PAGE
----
Used 2002 GMC Sierra 1500 Regular Cab Review

Edmunds expert review

GMC advertising claims Sierra is a "professional grade" truck. With stout engines, roomy cabs and rugged good looks, the Sierra impresses. But the cabin is constructed of rather cheap parts, and we've found fit-and-finish concerns on several Sierras. That doesn't spell "professional grade" to us.

What's new for 2002

The Sierra C3 gets a name change to Sierra Denali in addition to a trick new four-wheel steering system. On standard Sierras, the previously optional Z85 firm-ride suspension is now standard on all 1500 models for improved handling and towing capacity. Base SL models now include air conditioning while uplevel SLE and SLT models add deep-tinted glass to the standard feature list.

Vehicle overview

Now entering its fourth model year in current guise, GMC's full-size Sierra pickup continues along the refinement trail for 2002. While it shares a platform and components with Chevrolet's Silverado, the Sierra benefits from styling and feature enhancements to position the GMC as a "professional grade" truck.

Looks and special content aside, the biggest draw for GMC's half-ton pickup is a first-class engine lineup. The base Vortec 4.3-liter V6 provides a solid 200 horsepower and 260 pound-feet of torque for light-duty towing and hauling. If a V8 is more to your liking, there are two to choose from. A 4.8-liter V8 rated at 270 hp and 285 lb-ft of torque is standard on all half-ton extended cab Sierras. For a little extra get up and go, order the 5.3-liter V8 rated at 285 hp and 325 lb-ft of torque. Both engines move the Sierra along with surprising speed while delivering as much as 20 miles per gallon on the highway.

Transmission choices are limited to a five-speed manual or a four-speed overdrive automatic. The five-speed manual is standard equipment on all Sierra 1500s equipped with either the 4.3-liter V6 or 4.8-liter V8. The four-speed automatic that features a driver-selectable tow/haul mode for firmer shifts under load is optional with the 4.3-liter and 4.8-liter engines and the only choice on 5.3-liter-equipped Sierras.

Underneath, all Sierra 1500s utilize an independent suspension in front (coil springs on 2WD, torsion bars on 4WD) and a straight axle leaf spring setup in the rear. A notable change for this year is the switch to the Z85 firm-ride package as standard equipment on all half-ton Sierras. For a cushier ride, the Z83 soft ride suspension is still available. Or you can check the ZX3 option, which provides a dash-mounted switch that can alternate between both firm and soft suspension settings. With the proper equipment, a Sierra 1500 can tow up to 9,200 lbs.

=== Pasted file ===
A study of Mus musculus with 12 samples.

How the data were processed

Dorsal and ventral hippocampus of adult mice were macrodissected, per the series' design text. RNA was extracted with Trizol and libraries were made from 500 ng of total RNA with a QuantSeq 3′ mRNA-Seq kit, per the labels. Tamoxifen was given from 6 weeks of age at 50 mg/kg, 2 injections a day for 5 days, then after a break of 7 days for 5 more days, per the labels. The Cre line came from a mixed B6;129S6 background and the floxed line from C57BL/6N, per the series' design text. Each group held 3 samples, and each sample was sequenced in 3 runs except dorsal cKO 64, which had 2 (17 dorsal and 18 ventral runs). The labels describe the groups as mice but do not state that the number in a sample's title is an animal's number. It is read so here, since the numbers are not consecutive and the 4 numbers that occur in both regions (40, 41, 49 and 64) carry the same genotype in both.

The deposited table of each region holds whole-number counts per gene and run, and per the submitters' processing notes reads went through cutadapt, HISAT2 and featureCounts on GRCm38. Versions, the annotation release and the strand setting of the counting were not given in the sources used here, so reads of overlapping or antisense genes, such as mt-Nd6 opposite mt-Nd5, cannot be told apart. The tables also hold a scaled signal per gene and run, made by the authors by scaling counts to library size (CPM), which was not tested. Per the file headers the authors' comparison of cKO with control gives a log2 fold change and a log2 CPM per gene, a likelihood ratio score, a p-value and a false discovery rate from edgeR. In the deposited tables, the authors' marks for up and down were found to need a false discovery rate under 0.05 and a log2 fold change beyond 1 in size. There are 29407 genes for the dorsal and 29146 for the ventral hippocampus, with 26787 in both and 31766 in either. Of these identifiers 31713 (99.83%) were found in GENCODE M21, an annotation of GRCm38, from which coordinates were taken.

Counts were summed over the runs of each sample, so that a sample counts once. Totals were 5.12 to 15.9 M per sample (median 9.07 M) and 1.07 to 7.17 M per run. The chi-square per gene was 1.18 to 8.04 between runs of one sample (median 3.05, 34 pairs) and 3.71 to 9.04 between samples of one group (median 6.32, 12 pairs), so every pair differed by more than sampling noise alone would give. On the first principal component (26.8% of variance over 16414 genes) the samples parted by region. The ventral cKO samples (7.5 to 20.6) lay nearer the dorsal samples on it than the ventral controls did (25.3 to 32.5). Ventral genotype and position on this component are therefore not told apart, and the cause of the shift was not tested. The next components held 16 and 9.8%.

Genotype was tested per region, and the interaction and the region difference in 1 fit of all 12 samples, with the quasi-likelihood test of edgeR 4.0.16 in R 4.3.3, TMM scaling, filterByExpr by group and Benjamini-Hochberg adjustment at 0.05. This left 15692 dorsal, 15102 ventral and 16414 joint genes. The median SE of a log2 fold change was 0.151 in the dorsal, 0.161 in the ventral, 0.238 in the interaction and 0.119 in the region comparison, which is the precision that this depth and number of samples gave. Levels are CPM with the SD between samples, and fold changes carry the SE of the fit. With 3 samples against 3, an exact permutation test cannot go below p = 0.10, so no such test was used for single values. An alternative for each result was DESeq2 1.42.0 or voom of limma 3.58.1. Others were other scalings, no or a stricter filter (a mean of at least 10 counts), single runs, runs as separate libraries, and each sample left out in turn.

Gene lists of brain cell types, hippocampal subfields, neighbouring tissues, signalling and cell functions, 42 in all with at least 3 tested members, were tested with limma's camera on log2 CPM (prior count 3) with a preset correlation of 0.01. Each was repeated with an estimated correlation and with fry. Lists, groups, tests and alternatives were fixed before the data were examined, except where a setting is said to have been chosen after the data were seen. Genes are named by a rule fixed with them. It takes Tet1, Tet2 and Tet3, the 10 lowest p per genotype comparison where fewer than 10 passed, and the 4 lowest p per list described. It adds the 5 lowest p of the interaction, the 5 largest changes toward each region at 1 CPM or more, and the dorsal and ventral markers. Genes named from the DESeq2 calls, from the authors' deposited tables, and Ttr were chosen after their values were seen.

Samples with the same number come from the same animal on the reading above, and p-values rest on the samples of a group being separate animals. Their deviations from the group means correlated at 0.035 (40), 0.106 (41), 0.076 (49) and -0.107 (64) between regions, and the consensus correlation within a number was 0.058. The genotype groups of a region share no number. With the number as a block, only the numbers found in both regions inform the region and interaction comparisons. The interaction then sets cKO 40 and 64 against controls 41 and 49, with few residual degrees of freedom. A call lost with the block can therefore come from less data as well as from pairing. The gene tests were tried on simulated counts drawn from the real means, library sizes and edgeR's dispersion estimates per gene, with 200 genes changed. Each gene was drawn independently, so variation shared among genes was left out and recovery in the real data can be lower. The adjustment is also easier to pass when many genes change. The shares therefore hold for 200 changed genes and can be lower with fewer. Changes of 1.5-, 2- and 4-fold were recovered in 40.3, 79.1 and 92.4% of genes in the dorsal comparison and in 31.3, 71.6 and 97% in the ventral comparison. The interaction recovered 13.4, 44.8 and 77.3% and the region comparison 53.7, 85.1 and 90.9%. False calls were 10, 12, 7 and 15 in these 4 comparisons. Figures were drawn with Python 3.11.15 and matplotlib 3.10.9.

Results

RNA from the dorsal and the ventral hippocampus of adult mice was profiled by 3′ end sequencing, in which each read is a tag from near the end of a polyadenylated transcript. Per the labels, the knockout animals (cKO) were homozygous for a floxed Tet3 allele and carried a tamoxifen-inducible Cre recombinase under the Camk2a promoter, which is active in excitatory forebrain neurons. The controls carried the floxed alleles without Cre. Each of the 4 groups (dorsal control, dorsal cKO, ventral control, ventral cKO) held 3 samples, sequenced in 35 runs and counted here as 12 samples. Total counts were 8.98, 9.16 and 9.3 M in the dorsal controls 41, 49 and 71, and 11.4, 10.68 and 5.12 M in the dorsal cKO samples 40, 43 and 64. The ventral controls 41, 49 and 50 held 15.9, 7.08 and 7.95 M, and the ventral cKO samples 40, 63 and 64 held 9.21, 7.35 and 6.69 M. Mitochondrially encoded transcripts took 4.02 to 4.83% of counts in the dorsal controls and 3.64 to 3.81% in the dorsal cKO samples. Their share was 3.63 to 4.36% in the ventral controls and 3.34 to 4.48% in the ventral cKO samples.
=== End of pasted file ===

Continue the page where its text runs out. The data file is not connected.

Like most full size trucks, the Sierra comes in a variety of configurations, including regular (two-door) or extended (four door) cabs, short (6.5-foot) or long (8-foot) beds, Wideside or Sportside box designs, and rear- or four-wheel-drive versions. A choice of three trim levels (SL, SLE or SLT) and a dizzying array of options and equipment packages are available to customize your truck exactly the way you want it.

For the ultimate half-ton Sierra look no further than the Sierra Denali. Debuting as the C3 last year, the renamed Sierra Denali features a luxurious interior, sharply styled exterior, and exclusive hardware not available on any other GMC half-ton. The Sierra Denali gets the first application of GM's new Quadrasteer four-wheel steering system that shaves nearly ten feet off the Denali's turning circle as well as improving high-speed stability while towing a heavy trailer. A 6.0-liter, 325 horsepower V8 provides the power while a heavy-duty four-speed transmission and full-time all wheel drive put all the power to the ground. Heavy-duty ¾ ton brakes, a performance-tuned suspension and a standard towing package round out the Denali's impressive equipment list.

Upgrades to the Denali's interior include six-way power heated bucket seats, an in-dash six-disc CD changer, steering wheel audio controls, a comprehensive trip computer, and two-tone leather upholstery.

All Sierras feature a roomy interior with ample storage space, straightforward controls, and a full complement of safety and convenience features. Rear seat accommodations in extended cab Sierras are surprisingly comfortable with easy access provided by clamshell-style rear doors on both the passenger and driver sides. All the available options and features are too numerous to list here, but needless to say, if you can't find it on a Sierra, it probably doesn't come on a full-size pickup. So whether you're looking for the most basic V6 regular-cab, or the fully decked-out Sierra Denali, GMC's half-ton Sierra has something for everybody.

Edmunds expert review process

This review was written by a member of Edmunds' editorial team of expert car reviewers. Our team drives every car you can buy. We put the vehicles through rigorous testing, evaluating how they drive and comparing them in detail to their competitors.

We're also regular people like you, so we pay attention to all the different ways people use their cars every day. We want to know if there's enough room for our families and our weekend gear and whether or not our favorite drink fits in the cupholder. Our editors want to help you make the best decision on a car that fits your life.